CAPTIVA ISLAND, Fla. -- Food brokers selling health and beauty care products were advised to look outside their main customer base -- food chains -- for future growth opportunities.
In a keynote address to about 100 manufacturers and nonfood brokers, industry consultant Bob Ernsberger said significant financial turnarounds at some drug store chains could translate into additional business for brokers. Ernsberger, a consultant who works as director of trade development at Whitehall-Robins Healthcare and Lederle Laboratories, both divisions of American Home Products Corp., New York, spoke here earlier this month during the GM/HBC Conference, sponsored by the National Food Brokers Association, Washington.
Specifically, he named Walgreens, Deerfield, Ill., and Jack Eckerd Corp., Largo, Fla., as chains that are reversing drug sales slumps of the last few years through the use of advanced technology, and in designing stores that meet the consumer's need for convenience.
"There is a huge opportunity emerging in chain drug. I've found a lot of brokers tend to come from old paradigms and tend to stick with the food accounts. I'd be living with the Eckerds, Walgreens, Revcos and Rite Aids of world if I were on your side of the fence," Ernsberger told the brokers.
In his presentation, he outlined trends in the retail marketplace that will have a major impact on HBC and the way brokers are doing business. These included the power some wholesalers are gaining at retail through technology;
the evolving shop-at-home services offered through the interactive superhighway; consumers struggling with finding the time to shop, and the projected growth in new products that have gone from prescription to over-the-counter that are projected to increase all HBC sales by 25% within the next four years.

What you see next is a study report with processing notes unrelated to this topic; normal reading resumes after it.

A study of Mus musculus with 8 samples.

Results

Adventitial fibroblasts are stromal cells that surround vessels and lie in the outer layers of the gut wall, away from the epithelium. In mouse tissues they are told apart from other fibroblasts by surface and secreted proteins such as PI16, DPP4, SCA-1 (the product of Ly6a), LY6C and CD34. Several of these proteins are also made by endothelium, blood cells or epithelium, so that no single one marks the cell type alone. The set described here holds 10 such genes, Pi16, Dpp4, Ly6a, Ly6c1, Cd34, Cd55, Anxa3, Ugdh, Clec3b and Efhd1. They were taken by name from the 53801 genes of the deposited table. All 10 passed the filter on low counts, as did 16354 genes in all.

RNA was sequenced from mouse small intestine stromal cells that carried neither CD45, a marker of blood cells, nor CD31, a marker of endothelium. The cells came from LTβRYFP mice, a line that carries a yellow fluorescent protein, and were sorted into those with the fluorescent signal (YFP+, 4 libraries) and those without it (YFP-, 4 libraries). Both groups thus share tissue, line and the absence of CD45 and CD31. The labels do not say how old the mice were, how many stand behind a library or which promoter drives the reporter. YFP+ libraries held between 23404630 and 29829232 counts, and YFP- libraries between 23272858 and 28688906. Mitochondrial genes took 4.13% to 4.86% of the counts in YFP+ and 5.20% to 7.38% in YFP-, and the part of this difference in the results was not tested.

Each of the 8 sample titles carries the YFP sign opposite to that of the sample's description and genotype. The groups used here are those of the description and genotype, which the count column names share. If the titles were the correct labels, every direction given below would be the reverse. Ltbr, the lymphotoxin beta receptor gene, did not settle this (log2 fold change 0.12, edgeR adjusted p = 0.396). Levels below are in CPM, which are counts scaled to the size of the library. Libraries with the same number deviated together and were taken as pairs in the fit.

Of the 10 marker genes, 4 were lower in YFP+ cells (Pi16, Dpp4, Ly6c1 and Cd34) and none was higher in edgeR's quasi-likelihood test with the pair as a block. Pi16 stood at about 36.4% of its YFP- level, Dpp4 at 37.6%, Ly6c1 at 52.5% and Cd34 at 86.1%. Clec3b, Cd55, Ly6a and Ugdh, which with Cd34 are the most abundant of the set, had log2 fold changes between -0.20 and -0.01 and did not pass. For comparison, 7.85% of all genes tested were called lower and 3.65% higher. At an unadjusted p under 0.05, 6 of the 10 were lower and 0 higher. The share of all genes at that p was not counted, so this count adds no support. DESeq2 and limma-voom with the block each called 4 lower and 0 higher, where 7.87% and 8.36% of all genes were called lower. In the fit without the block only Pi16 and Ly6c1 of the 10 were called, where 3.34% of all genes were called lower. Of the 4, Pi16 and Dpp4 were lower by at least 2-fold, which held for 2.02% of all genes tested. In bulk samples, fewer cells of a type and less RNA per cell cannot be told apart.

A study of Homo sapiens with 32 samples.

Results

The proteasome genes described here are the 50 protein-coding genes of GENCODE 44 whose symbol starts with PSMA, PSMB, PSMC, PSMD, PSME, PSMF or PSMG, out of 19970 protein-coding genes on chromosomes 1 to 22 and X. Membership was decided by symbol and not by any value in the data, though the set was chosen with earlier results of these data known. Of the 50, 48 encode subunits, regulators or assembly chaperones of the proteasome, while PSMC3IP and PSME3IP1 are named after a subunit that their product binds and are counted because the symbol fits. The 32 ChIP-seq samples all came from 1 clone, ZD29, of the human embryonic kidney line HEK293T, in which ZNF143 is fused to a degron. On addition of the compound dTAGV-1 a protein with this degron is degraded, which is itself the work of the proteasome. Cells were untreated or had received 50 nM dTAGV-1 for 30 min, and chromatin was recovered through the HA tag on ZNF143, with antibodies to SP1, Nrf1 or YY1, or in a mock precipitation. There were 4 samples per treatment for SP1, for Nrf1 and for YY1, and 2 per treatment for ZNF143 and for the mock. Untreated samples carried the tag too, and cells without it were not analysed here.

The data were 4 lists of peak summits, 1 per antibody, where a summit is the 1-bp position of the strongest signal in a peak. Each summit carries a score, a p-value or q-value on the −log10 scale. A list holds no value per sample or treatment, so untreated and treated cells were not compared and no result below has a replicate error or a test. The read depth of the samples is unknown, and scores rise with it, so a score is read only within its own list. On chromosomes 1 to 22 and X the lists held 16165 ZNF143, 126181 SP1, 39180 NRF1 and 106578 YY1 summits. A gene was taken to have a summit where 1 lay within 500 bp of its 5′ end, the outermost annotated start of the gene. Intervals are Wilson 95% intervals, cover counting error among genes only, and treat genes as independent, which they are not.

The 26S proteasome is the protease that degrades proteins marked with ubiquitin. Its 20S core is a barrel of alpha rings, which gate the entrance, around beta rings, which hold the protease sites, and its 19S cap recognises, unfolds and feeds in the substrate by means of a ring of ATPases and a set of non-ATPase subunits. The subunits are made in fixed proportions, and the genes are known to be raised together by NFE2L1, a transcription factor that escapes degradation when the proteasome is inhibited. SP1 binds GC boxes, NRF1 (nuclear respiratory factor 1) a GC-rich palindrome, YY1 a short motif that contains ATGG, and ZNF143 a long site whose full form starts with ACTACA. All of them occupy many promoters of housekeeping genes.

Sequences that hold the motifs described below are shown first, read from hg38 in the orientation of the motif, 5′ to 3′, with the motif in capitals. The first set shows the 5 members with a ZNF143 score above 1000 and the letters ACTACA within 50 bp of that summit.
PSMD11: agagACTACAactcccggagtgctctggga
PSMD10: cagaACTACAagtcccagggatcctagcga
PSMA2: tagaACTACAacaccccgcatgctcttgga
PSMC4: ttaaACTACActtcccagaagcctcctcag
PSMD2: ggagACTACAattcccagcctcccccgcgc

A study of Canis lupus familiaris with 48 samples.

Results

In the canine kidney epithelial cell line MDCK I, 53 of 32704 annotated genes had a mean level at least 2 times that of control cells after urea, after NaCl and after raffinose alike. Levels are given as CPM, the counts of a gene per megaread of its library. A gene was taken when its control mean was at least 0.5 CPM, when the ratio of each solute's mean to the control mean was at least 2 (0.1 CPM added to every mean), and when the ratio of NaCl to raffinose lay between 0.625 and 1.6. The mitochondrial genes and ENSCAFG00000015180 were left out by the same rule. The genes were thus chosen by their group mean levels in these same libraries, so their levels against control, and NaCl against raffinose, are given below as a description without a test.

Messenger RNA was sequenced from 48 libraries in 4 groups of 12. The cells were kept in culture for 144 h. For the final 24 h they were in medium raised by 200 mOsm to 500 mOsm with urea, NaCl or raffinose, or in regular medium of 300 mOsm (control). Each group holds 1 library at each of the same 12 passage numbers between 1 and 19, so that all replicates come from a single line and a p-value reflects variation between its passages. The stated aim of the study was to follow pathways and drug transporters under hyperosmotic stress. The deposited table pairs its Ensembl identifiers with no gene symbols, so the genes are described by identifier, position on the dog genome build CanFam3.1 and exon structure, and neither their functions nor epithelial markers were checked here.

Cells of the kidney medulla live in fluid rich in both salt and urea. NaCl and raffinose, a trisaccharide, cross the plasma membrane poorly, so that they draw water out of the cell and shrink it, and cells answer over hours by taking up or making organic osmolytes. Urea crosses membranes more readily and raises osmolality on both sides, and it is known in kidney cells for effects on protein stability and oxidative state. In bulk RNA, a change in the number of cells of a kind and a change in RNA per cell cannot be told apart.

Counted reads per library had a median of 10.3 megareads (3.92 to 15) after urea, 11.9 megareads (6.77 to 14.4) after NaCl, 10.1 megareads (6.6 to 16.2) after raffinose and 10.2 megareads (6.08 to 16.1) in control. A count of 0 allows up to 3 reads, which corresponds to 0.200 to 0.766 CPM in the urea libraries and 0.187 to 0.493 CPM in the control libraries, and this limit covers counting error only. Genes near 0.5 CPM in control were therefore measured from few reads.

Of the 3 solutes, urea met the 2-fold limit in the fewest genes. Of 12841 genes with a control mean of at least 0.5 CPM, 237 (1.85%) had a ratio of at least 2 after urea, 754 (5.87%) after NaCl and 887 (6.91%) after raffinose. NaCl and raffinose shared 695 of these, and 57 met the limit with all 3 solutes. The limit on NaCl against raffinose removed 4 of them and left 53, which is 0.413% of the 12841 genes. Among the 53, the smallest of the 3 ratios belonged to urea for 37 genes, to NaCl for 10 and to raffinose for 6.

While total drug store dollar and unit sales continued a slow slide last year, dropping about 2% to just under $15 billion, both Walgreens and Eckerd posted robust 14% sales gains, Ernsberger mentioned.
Technological advances, such as a satellite communication system linked by computers in all Walgreens' stores, are driving the drug chain's growth. "Walgreens store managers get a readout every day on every single stockkeeping unit in the store. As a result, they've done an incredible job on micromarketing," Ernsberger said. He added that Wal-Mart Stores and Publix Super Markets also are practicing micromarketing in their stores.
Walgreens also has positioned itself as a strong convenience format. In the next few years, convenience will overtake price as the most important element in a shopper's decision on where to shop, Ernsberger said.
The most successful format in HBC has been the food-and-drug combo stores, according to Ernsberger. He estimates there are 12,000 of these stores that generate 65% of the $14 billion HBC business at food stores. Of all formats, the 55,000- to 65,000-square-foot food-and-drug combo format generated 30% of the $40 billion HBC business in 1994, said Ernsberger. This format will survive and flourish because it offers true convenience, despite the threat of competition from the supercenters, said Ernsberger.
Ernsberger said that with technology driving a fast-paced and changing retail environment, the future for brokers in HBC and general merchandise is bright. "There is a big responsibility to get high-tech and to get on computer direct link with retailers you service, and coordinate this with manufacturers as we get into just-in-time, automatic replenishment and quick response," he said.